On the evening of the 20th November in 1928 a small group of Ilkley ‘worthies’ met in a committee room in Sedbergh Buildings at the bottom of Cowpasture Road to discuss the formation of a theatrical society for the town.  By the end of that evening the group had decided the new society would be called ‘The Ilkley Players’ and they planned that their first production would be The Man From Toronto by Douglas Murray.  It was presented in St Margaret’s Hall for two nights at the end of January 1929.  

The members from that first production planned that any profits ‘would be devoted to the improvement of the stage, the stage lighting in the hall, drop curtains and ‘tip-up’ chairs for the comfort of the audience’. Two committee rooms were later needed to accommodate the growing membership, and the adjoining wall was demolished to join the two rooms.

The Committee Minute Book for April 10th 1932 states in closing:  

“The AGM would be held on the premises whether the members had to scale a mound of bricks and mortar or whether the rooms could be decorated by then.   The Chairman then went home to lunch and the meeting broke up in enthusiastic hilarity and good-natured disorder.”

By 1931 there were sixty members and double that by 1934.  In 1930 the Players had moved to the King’s Hall which was to be their home until June 1937 when the cost of hiring that venue was discussed and the amount of £15.15 shillings per performance meant that it was impossible to make a profit, so new premises were sought, and the upstairs furniture store of the Liberal Club situated at the bottom of Weston Road was hired in the summer of 1938.  

For two years the Players continued as a private members club with admission by invitation ticket only, together with an individual ‘donation’ in a sealed envelope of 2/6d because they were denied a public performance licence as there was no adequate fire escape.  One was built in 1940 and served the theatre until its subsequent removal in the re-development of 1997.

During the war years with many members away in the services, the Players continued to perform, often with a cast of only three or four actors, and apart from the occasional performance at home, a production of Private Lives in April 1940. There was a demand for entertainment in local garrison theatres, hospitals, hostels and for munitions workers, and the Players went on tour, sometimes playing to an audience of a thousand in Leeds, Halifax, or in Skipton and the surrounding areas. Visits were also made to several village halls in the Dales.  In 1942 a committee was formed to establish the Ilkley Players Concert Club to perform Sunday High Class Music.  Audience demand became so high that the concerts moved to the Winter Gardens in 1943, and these events later became the Ilkley Concert Club which still thrives today.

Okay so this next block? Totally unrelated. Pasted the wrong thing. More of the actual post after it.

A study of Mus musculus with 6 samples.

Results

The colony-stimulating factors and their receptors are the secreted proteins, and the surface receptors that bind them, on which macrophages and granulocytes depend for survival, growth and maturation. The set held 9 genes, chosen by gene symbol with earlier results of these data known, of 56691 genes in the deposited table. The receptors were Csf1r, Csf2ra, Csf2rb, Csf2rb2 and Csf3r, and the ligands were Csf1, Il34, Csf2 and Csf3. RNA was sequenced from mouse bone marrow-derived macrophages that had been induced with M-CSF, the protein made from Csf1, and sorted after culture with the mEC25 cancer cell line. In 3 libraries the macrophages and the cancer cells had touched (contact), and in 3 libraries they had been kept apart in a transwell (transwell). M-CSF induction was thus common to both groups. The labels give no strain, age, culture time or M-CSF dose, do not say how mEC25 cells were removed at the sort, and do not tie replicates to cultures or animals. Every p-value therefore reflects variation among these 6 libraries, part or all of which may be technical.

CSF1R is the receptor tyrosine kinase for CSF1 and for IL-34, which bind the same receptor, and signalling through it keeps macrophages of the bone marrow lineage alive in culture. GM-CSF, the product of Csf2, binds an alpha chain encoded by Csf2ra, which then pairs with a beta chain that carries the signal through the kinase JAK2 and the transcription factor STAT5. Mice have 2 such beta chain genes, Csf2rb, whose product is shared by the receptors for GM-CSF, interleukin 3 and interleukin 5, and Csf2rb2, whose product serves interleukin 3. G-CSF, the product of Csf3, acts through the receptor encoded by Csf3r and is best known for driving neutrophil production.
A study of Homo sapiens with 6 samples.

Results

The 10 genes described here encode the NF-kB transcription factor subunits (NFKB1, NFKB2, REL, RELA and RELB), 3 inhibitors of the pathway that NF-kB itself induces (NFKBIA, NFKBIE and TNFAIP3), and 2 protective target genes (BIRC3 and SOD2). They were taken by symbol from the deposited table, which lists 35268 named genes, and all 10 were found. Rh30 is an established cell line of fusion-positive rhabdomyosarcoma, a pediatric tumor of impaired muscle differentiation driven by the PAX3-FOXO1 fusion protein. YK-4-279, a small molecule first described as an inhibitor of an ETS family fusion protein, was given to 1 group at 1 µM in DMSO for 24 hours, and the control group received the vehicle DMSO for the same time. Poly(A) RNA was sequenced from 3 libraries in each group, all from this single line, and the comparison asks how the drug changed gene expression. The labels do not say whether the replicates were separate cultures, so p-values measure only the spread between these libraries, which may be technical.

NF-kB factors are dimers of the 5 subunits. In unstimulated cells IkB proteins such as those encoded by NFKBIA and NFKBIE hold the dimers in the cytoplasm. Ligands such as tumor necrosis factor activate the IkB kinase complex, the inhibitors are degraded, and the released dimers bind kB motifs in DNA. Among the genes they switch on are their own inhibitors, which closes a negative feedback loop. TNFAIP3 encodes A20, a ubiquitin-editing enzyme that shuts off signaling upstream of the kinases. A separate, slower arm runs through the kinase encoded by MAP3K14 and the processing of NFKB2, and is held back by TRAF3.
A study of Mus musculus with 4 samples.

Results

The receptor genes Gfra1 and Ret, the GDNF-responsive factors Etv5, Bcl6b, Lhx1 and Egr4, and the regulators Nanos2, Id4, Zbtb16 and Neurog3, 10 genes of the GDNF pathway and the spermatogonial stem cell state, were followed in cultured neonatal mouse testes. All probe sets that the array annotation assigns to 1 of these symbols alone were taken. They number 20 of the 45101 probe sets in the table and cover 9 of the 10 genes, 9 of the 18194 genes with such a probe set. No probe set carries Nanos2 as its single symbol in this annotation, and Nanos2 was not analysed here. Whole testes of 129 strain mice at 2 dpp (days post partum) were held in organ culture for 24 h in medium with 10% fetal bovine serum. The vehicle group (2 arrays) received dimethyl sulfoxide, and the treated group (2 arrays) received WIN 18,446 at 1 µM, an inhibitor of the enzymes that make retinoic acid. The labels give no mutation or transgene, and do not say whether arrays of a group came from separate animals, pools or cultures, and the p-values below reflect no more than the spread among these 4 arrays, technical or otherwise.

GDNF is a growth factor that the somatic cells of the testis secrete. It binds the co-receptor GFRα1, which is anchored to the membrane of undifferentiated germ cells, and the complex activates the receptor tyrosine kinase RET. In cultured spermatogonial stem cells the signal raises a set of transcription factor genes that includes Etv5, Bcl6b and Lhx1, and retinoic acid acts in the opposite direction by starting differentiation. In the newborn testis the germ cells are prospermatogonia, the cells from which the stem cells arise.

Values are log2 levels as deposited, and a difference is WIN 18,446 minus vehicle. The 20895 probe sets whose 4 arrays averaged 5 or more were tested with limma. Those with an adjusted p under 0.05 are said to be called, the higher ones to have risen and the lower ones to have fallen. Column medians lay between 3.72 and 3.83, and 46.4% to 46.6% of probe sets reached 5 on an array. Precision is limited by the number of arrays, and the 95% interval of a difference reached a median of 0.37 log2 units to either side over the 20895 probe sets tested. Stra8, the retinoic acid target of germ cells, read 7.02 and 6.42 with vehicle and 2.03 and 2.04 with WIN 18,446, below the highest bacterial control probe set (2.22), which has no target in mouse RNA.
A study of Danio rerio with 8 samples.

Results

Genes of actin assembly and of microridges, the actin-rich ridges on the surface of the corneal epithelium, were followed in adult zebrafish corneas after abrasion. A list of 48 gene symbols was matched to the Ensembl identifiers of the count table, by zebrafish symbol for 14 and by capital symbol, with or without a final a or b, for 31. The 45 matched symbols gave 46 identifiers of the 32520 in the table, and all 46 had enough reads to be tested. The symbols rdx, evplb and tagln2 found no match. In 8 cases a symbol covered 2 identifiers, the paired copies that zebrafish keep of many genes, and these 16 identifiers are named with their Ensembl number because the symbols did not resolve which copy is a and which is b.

The Players continued to renovate their theatre until 1960 when they had the opportunity to buy the whole building for £1,750.  During the following years the premises were steadily improved, largely under the leadership of David Wildman who joined the Playhouse in 1958.   David became the Player’s Artistic Director for many years and his uncompromising and overwhelming influence and vision was felt in every aspect of the theatre, particularly as a designer of memorable sets.  David also instigated in 1975 the Players first visit to perform at the Minack Open-Air Theatre, that magical venue overlooking the sea in the far south-west of Cornwall. The visits have continued almost every two years since then.

In 1995 the Playhouse embarked on applying for a Lottery Grant which eventually enabled the building of new workshops, dressing rooms, a large costume department and the Wildman Studio Theatre which was officially opened by Ilkley’s Alan Titchmarsh in 1998.  David Wildman had taught Alan and fostered his initial interest in theatre as a teenager.

Now the Playhouse has approximately six hundred members including patrons and actors, and the theatre produces eight main house plays every season in the Wharfeside Theatre and several productions in the Wildman Studio and the premises are regularly used by visiting theatre companies, musicians, writers and poets, stand-up comedy nights, Ilkley Film Society, the U3A, and as two important venues for the Annual Ilkley Literature Festival.  Green Room classes for youngsters to learn stage craft and improvisation are held weekly during the winter months.

Since its inception Ilkley Playhouse has become one of leading non-professional community theatres in the country, and together with its Board of Trustees and Theatre Committees, dedicated staff and volunteer supporters it continues to be a creative and disciplined society... and it is worth confirming that the members have a lot of fun and, as in April 1932, often enjoy ‘good natured and enthusiastic hilarity’.